Thursday, June 25, 2009

The Kitchen Boy


I don't know particularly why, but the story of the fall of the Romanov family in 1918 during the Bolshevik revolution has fascinated me for years. The life and death of the last Russian Tsar, Nikolas II, is one of the most compelling period in history in at least the last thousand years. Hollywood could not come up with a more memorable and terrifying script.

Numerous legends and conspiracies surround the deaths of the Tsar and his family. All that is known is how brutal and horrendous the events occurred at the hands of the Bolsheviks. However, when the bodies were finally uncovered close to seventy-five years later, two of the children's' bodies were missing. So the questions and conspiracy theories arose: did the children survive, were there witnesses besides the executioners themselves?

Questions about the where-abouts of the Romanov children led to the writing of this historical-fiction about the last days of the Romanov family. In Tsaritsa Alexandra's diary, she notes that the day before the family was executed, their trusted kitchen boy was sent away for good for unknown reasons. And it is the account of this kitchen boy's last days with the Romanovs that author Robert Alexander bases his novel on.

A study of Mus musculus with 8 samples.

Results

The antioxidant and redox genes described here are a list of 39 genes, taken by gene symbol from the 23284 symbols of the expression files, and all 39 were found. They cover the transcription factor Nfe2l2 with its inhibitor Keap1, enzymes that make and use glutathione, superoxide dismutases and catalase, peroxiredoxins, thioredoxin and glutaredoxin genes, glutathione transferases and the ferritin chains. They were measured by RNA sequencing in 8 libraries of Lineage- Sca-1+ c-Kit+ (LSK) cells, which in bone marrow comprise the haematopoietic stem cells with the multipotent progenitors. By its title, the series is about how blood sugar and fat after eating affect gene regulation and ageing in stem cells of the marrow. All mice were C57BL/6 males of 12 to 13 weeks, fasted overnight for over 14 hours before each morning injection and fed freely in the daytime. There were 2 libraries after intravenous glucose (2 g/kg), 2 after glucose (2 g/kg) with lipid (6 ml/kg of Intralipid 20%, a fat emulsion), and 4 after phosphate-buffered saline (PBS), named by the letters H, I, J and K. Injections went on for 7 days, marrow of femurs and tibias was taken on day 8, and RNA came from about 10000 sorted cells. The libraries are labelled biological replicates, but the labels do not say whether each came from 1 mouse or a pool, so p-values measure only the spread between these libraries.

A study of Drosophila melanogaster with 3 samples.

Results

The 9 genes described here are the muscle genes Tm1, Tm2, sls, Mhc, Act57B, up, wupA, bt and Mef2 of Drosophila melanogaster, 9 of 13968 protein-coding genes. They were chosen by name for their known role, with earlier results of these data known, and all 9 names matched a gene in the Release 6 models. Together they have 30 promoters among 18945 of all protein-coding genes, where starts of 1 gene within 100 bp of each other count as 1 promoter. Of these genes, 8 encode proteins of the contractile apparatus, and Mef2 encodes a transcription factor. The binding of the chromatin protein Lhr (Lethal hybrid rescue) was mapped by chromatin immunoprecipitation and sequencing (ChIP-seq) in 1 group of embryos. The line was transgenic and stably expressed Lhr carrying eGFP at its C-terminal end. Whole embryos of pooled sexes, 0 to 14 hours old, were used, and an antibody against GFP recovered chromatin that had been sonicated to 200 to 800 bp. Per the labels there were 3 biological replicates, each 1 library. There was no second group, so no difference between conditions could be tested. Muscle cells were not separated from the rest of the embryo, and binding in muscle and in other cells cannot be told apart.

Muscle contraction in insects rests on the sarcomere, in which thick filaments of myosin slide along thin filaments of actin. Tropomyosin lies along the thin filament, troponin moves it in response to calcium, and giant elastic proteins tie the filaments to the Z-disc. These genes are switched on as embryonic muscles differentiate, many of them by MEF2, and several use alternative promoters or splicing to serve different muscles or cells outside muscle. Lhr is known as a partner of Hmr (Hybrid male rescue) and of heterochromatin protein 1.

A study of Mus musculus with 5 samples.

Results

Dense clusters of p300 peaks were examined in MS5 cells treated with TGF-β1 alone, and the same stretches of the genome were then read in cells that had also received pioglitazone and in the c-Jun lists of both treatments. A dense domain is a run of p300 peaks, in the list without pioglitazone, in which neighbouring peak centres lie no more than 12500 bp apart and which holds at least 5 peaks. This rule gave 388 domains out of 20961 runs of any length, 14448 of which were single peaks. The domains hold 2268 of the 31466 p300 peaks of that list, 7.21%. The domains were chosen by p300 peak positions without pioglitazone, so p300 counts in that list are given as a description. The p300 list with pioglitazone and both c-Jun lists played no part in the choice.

Through the eyes of the kitchen boy, Leonka, we learn of the factual bonds between the members of the Romanov family. One can't help but develop a strong sympathy for their plight, no matter how self-inflicted it was. You especially feel for the children, especially because of their faith and innocence.

I cannot divulge to much about the book besides what is already known in reference books. What I can say is that Robert Alexander masterfully brings the reader into the lives of the Romanovs, allowing us to (in a fictional way) get to know a family that was secluded and helps us to develop a relationship with them.

This is a book I recommend for anyone.

7 comments:

Ratchfords said...

Looks awesome - it's going on my library list right now! Hope you guys are getting good and settled in down there!

Ryan Stutz said...

The book that I was trying to name for you when I was in Phoenix, the one told from Death's point of view is called "The Book Thief"

royalkeister said...

I bought "The Book Thief" 2 days ago. It sounded interesting enough, especially from Death's perspective. Amber is gonna read it first, cuz I have a pile of books I need to get through first. Thanks for the recommendation.

Donna said...

I read this a while ago and loved it! It is one of those ones you finish and want to tell everyone about but can't give away too much!

Mom Bell said...

Larry-You know I'm not a big reader but I did see the tv-movie on this and it was eye-opening. History is frightening and so incredibly interesting. Love

Evelyn said...

I just finished this book today! It was really fascinating. The historical fiction genre is my favorite! I felt enlightened and had a little history lesson, while being very much entertained! This was such a good book! I cant wait to share it with my book group! Any more recommendations?

royalkeister said...

The Book Thief. Ryan recommended it and its real good. Takes place during WWII.